The Importance of Metrology In Today’s Industrialized World


Started as the need for human beings to observe, analyze and explore the world, measurement’s application held an important role as discoveries were made. Applied in a diversity of applications, metrology’s influence in the industrial world has been growing as fast as technology advances, increasing human safety and sustainability in the workplace.

…At ACQUIP, we are proud to be part of the metrology community. we aspire to pursue new ways to help to achieve industrial sustainability.

Metrology is defined by the International Bureau of Weights and Measures (BIPM) as “the science of measurement, embracing both experimental and theoretical determinations at any level of uncertainty in any field of science and technology,” which is a broad description to match the broad amount of industries, technologies, and applications it holds in today’s world. Let’s review why Metrology is important in today’s industrial world:

Automotive and Aerospace

Innovation, competiveness and safety are three important aspects for the aerospace and automotive industry. Whether it be aircrafts or cars, they all depend on metrology to keep their systems within certain quality parameters. Companies demonstrate to their consumers the reliability of these systems through certifications using different types of measurement, this assures that the final product is safe for public use.

From analysis of large volume parts, inspecting turbine blades, to fixing inaccuracies in geometry and positioning to proper car assembly, metrology brings peace of mind to these industries that promotes the continuous development of new more efficient systems and procedures.

Automation & Manufacturing

Today, most of the processes at manufacturing plants are automated, which means controlled by machines. These machines are calibrated and programmed according to specific parameters to fabricate goods on a production line. The machines are capable of measuring quantities, lengths, weights, time, environmental conditions, etc. The accuracy and precision of those measurements are crucial to comply with the safety and quality requirements for public use or consumption. For example: the dosing of drugs on a pharmaceutical plant, food safety in a processing plant, or the reliability of the equipment in healthcare operations at a hospital.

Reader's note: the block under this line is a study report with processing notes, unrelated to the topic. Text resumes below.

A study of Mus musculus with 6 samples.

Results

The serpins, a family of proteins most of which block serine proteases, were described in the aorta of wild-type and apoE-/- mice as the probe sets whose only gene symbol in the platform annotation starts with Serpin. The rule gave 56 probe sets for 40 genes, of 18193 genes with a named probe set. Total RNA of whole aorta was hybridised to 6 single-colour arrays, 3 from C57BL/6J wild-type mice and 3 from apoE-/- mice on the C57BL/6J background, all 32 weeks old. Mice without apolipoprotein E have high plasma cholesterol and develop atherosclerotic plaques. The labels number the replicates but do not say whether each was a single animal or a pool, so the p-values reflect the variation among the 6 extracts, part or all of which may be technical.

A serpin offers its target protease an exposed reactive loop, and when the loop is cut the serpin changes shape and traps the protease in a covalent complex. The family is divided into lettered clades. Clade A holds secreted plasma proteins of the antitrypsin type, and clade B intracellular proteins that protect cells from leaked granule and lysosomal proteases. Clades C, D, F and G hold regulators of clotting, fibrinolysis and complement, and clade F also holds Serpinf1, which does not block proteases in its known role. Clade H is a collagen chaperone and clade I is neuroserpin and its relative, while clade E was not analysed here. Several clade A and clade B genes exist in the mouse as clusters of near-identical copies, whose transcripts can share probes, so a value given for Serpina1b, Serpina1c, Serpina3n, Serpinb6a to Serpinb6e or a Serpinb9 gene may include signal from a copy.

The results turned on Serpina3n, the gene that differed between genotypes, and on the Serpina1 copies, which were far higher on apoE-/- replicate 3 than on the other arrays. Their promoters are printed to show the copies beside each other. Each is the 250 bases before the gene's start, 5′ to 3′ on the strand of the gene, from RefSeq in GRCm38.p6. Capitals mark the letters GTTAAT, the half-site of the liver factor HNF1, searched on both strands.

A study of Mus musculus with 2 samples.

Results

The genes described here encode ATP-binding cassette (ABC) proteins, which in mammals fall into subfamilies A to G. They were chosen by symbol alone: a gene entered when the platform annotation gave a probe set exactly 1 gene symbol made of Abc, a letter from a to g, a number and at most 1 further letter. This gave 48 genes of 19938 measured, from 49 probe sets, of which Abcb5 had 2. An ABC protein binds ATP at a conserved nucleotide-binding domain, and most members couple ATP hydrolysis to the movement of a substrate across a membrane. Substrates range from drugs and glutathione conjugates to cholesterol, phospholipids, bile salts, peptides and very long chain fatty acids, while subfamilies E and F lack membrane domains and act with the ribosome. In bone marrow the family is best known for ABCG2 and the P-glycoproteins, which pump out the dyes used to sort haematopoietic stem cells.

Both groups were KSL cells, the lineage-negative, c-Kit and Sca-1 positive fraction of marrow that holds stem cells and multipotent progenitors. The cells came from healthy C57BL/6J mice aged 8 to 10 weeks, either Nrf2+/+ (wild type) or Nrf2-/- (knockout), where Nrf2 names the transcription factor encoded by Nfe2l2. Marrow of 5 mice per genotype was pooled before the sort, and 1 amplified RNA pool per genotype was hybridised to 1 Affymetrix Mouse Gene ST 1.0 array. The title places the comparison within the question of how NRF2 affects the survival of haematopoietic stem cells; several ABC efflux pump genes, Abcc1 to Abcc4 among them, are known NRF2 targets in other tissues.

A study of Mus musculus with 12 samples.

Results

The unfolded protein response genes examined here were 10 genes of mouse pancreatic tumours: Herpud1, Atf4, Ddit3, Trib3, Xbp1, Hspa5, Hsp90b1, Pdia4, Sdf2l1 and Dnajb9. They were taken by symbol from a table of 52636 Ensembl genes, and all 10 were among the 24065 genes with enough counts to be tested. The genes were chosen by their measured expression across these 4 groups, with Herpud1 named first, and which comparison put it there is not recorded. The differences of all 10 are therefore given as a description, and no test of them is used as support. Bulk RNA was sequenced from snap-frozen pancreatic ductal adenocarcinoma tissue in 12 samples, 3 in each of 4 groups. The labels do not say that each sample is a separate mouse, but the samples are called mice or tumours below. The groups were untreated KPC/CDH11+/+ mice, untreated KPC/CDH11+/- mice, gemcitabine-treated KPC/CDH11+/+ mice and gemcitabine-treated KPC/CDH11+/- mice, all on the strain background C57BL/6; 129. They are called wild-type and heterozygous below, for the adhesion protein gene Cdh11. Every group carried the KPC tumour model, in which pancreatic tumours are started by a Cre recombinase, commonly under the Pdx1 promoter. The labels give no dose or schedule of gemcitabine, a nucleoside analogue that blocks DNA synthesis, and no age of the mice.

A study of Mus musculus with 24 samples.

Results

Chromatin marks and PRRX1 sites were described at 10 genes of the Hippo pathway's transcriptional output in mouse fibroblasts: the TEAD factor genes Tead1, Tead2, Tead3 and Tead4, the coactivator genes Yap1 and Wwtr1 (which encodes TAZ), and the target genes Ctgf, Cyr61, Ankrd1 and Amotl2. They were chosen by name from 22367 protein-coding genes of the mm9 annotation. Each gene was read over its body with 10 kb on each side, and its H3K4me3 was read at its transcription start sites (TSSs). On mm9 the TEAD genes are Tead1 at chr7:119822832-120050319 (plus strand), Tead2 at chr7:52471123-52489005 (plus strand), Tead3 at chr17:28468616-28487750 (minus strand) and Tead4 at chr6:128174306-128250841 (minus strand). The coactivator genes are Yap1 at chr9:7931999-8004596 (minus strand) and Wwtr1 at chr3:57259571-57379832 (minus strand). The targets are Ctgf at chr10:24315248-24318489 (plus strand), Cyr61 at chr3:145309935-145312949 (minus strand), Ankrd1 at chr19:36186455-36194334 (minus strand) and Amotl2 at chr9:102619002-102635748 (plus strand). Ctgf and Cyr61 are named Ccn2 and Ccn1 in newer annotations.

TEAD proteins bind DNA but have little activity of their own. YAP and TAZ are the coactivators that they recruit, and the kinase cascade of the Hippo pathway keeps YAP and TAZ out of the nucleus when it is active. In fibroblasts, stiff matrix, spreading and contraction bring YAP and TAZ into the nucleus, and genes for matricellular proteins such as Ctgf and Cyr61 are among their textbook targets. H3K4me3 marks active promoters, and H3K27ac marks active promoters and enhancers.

Energy & Petrochemical

Metrology in the petrochemical industry plays a growing role as the demand for more energy increases; this industry relies on metrology to keep their machines up and running. To make this happen, power plants implement laser alignment as part of their preventive maintenance program. By using this method we can assure that rotating equipment is correctly aligned (within acceptable tolerances). Metrology can also be used by the original equipment manufacturers (OEMs) to calculate tolerances using specialized tooling before installation and testing.

With 3D measurement technology you can gather data in dimensional changes, flange locations, concentricity, equipment interferences, and other key areas in need of inspection on your turbine or rotating equipment. Less downtime leads to more efficiency, efficiency translates in less damage on bearings, seals, couplings or a bend shaft, less damage increases the lifetime of the machines, saves money and reduces power loss; all this means more energy and more cost-effective production to supply the global energy consumption.

Marine & The Environment

 In the case of the marine industry, metrology technologies can be used to take measurements inside or outside of ships, tankers, vessels and much more. Replacing or refurbishing boat parts can be achieve by taking proper measurements using state-of-the-art laser technology. Recently, the marine industry has been required to perform a retrofit called Ballast Water Treatment (BWT), by 2018. BWT intends to improve the process of residual waters inside the ships by adding a complete system to clean these waters inside the ships before to releasing them back into the ocean.

The lack of treatment of residual waters is causing a heavy impact in the environment, on the oceans, given the fact there is more than 10,000 vessels used for transportation of goods around the globe and less than half of them have Ballast Water Treatment systems installed. Using metrology, we can perform 3D scans and take measurements of the machine room inside the ship and with that information we can make a CAD drawing and fit all the components needed for the BWT retrofit, considering the current machinery and piping inside the control room.

All in all, Metrology is a very important approach in the industrial world. It helps to create safe environments and processes, promotes innovation and increases knowledge and development. At ACQUIP, we are proud to be part of the metrology community. We aspire to pursue new ways to help to achieve industrial sustainability. To learn more about what inspires us visit our case studies and our ACQUIP Presentations & White Papers.